Much of the literature on the political economy of trans-boundary water and energy in Central Asia covers common ground on the following issues:
- Historical factors in the region and the legacy on water allocation of Soviet Rule – although there is some variation in opinion over the extent to which Soviet-era water and energy allocations have contributed to instability, conflict and environmental degradation.
- The various mechanisms and institutions that exist to facilitate regional cooperation – There appears to be some consensus that national leaders only play lip service to regional agreements and that political-will is lacking. Much of the literature here also suggests that international actors should act in a manner that reinforces regional cooperation
- Local and community level organisations, such as Water Users Organisations (WAU), which need to be involved and included in the formation of regional water and energy policy.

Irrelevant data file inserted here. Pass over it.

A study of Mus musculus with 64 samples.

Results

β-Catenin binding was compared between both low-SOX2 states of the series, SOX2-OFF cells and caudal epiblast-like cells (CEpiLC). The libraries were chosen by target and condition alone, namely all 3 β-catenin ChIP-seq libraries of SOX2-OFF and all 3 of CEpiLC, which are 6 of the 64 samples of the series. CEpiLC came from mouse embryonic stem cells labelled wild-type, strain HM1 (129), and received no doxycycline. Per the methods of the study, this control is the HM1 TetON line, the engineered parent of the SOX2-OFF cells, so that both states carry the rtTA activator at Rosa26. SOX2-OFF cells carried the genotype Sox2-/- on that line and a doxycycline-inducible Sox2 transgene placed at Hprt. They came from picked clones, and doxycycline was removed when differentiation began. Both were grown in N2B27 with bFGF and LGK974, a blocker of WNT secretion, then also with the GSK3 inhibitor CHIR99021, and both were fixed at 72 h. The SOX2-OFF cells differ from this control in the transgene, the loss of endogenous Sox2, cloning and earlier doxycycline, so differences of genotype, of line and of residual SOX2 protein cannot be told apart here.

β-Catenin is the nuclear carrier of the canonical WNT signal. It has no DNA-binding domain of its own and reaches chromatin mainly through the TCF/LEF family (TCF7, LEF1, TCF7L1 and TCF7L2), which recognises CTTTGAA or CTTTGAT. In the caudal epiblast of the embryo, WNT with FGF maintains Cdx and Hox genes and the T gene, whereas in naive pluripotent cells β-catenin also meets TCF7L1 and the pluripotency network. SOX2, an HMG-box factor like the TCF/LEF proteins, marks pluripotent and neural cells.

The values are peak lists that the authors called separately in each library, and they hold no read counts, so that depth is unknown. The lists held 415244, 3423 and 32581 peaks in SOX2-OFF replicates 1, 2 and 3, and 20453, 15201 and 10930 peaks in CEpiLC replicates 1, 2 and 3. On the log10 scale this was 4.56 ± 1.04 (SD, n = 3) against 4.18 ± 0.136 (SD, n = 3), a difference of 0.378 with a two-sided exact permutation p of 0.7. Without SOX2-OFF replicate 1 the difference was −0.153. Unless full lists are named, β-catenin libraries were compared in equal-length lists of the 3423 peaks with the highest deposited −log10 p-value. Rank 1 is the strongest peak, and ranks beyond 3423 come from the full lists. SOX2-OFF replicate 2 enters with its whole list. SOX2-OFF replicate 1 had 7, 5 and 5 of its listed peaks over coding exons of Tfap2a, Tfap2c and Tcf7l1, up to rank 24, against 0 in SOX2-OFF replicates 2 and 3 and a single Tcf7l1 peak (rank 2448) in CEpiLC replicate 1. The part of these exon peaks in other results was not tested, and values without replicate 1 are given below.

- The potential for conflict in the region arising from disputes over different water and energy needs between upstream and downstream countries – There are a number of papers devoted to issues of water, conflict and security.
- Although not strictly within the scope of this report, a number of papers highlight the potentially destabilising effects of development in Afghanistan on water allocations in Central Asia.
The literature suggests that the region is perceived to be strategically and geopolitically important by a number of external actors. The contemporary role of the US, Russia and China in region is briefly referred to in some of the articles presented here, but detailed analysis on their role, influence and impact was not found during the research period for this report.